Kenneth Rogoff says that if unions gain more power in rich countries like the U.S., as they appear to be doing, they are likely to be "a major destabilising force in trade and growth":
Resurgent unions and the global economy, by Kenneth Rogoff, Project Syndicate: Will the political resurgence of labour unions throw a wrench into the wheels of globalisation? Or will their growing strength serve to make globalisation more sustainable by fostering greater equality and fairness? One way or the other, unions stand as a major wild card for the evolution of our economic system...
Unions’ rising influence is evident in many recent events: German Chancellor Angela Merkel’s controversial deal to raise minimum wages for postal employees; several US presidential candidates’ open misgivings about trade and immigration; and the Chinese leadership’s nascent concerns about labour standards.
Along with their political clout, unions’ intellectual respectability is also experiencing a renaissance. After decades of vilification by economists for raising unemployment and strangling growth, the union movement is now receiving backing from thought leaders such as Paul Krugman, who argues stronger unions are needed to counter globalisation’s worst excesses. ...
Today, US political leaders such as Congressman Barney Frank want to bring back unions. But there is good reason to be sceptical. For a relatively poor country such as China, real unions could help balance employers’ power, bringing quality-of-life benefits that outweigh the growth costs.
But, for the US and rich countries in Europe, the argument that stronger unions would bring more benefits than costs is far more dubious.
Nowadays, most workers already have legal and statutory rights that cover the basic protections that unions originally fought for a century ago. Instead, union influence today all too often serves to promulgate inflexible work practices and flat salary structures that do not adequately reward work effort and skill.
Some of the issues that unions are promoting, such as human rights and environmental quality, are unassailable. When they try to connect these issues with trade, however, their motives become questionable.
A case in point is union lobbying against the US-Colombia free-trade agreement, ratification of which would greatly advance US-Latin American relations. ...[A]nti-pact activists have complained that Colombia is anti-union because it does not protect union members from rebel violence. Yet the Colombian government notes that all Colombians suffer from rebel violence — union members actually experience less of it than the rest of the population.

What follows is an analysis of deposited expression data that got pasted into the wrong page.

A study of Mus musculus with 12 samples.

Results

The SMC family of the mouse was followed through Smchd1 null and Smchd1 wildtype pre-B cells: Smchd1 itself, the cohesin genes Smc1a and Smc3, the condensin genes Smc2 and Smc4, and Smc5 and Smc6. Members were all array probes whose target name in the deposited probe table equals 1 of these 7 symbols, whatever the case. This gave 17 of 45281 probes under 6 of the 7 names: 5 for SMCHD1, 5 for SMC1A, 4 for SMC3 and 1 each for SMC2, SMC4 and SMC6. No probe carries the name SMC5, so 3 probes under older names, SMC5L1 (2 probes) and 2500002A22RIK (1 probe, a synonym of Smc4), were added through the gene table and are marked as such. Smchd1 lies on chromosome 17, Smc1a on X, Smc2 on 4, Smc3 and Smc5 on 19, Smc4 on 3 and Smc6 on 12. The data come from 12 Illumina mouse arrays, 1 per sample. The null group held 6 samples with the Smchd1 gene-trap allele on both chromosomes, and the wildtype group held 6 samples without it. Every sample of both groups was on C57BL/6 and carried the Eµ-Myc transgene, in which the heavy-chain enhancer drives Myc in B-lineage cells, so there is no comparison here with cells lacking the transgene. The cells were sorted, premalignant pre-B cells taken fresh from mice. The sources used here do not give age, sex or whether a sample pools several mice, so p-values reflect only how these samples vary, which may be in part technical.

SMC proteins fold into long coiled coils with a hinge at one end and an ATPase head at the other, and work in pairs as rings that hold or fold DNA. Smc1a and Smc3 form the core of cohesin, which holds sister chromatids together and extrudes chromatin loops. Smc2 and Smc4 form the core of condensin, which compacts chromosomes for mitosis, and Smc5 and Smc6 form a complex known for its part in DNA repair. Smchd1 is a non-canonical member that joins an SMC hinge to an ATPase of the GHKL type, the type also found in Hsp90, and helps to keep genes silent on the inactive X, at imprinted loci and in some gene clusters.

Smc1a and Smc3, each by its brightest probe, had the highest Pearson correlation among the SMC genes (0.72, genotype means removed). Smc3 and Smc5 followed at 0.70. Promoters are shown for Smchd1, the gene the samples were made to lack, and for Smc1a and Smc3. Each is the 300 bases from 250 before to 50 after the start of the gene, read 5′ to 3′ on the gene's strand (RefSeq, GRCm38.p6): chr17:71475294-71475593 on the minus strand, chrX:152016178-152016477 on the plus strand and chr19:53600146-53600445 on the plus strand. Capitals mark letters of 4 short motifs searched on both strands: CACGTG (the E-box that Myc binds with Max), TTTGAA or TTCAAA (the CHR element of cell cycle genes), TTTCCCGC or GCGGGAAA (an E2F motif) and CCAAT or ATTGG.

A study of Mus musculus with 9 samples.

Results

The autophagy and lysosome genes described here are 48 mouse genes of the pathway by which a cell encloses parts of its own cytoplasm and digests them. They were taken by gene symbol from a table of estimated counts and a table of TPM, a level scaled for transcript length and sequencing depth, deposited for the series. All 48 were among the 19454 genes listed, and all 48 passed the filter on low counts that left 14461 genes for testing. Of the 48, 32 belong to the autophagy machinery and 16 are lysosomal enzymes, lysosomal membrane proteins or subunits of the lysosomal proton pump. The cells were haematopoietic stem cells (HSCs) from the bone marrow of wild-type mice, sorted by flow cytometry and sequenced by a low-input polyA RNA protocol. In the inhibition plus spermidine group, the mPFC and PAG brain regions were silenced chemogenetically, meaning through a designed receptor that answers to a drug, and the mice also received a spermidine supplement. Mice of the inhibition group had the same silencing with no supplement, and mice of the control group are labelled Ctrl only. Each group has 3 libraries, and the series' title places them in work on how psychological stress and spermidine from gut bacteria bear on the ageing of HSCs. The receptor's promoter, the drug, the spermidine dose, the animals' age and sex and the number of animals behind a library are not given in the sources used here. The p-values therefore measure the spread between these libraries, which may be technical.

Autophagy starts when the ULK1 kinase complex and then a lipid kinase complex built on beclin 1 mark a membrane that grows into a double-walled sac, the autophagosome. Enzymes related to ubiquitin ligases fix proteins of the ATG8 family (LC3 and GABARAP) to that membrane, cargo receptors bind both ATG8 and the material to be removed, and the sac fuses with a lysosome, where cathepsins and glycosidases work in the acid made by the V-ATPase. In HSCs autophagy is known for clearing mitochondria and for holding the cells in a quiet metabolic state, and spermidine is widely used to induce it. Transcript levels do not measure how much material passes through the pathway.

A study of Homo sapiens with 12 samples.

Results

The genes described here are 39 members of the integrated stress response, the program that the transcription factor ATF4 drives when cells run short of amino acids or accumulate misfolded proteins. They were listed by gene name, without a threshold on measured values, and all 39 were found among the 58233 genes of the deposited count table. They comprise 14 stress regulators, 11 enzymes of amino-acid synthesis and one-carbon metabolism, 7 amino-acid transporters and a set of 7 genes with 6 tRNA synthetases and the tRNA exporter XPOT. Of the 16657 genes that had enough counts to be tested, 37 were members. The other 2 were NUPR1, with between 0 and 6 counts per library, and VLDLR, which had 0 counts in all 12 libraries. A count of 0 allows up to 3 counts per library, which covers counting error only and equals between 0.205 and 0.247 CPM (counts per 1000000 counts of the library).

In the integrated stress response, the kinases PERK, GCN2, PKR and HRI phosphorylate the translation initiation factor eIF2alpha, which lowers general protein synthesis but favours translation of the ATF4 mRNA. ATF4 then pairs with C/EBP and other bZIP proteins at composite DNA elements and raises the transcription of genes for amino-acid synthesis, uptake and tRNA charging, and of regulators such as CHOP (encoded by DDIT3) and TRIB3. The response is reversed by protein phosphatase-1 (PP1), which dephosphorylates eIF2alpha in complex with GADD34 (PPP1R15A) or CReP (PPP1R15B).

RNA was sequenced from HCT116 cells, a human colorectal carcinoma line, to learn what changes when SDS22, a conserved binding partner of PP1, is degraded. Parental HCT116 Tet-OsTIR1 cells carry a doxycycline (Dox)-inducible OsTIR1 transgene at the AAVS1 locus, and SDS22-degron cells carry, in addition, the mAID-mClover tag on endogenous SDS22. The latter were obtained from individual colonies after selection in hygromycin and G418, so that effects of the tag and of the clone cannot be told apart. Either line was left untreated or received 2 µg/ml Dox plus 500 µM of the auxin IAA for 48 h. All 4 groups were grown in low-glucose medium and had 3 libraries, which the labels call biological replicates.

Unfortunately, this play is being re-enacted across a host of trade issues, including many involving China.
For rich countries, income redistribution is much better handled through taxes and benefits system, rather than by government edicts to strengthen unions. The rich today pay so little in taxes in many countries that it would be a big improvement simply to move to a flat tax, with a very high exemption level so that lower-income families pay nothing.
For middle-income countries, it is a tougher call. But here, too, increasing workers’ legal and statutory rights, while allowing most unions to fade away, seems like the right approach.
Unfortunately, we are far more likely to see unions’ growing political influence become a major destabilising force in trade and growth, with highly uncertain consequences. When we see political leaders in many rich countries pander to unions by bashing each other on free trade and immigration, there is every reason to worry about trouble ahead. ...
From the archives:
The union question is a hard one for me. I don't believe that the degree of market power workers and firms bring to the bargaining table is in balance. "Superstars" at the upper end of the income distribution have too much market power, and firms have too much market power at the lower end of the income distribution, where the lower end starts at fairly high levels of income.
Unions are one potential answer for workers at the lower end of the income distribution, but is a return to unions the best solution to the market power imbalance? Should we return to the past, or should we try to use the changing political landscape as an opportunity to build better institutions for both workers and firms, institutions that offer workers the same degree of bargaining power that unions provide, and the the same degree of income, health, and retirement security, but do so more efficiently? We already know how unions work, pretty much, but can we do better?
A proposal to implement novel policy has no chance of surviving the political process even if it is well-grounded in economic fundamentals, and even if it looks to be a clear improvement over unionization for everyone involved. There is legislation to change union membership rules under debate in Congress, but the current political battle is about getting people on record for the next presidential election rather than a serious hope of changing the rules on union membership drives. If the next presidential election goes according to plan, then there might be a chance for change, but even then unions may be (and probably will be) the only viable solution within the political process.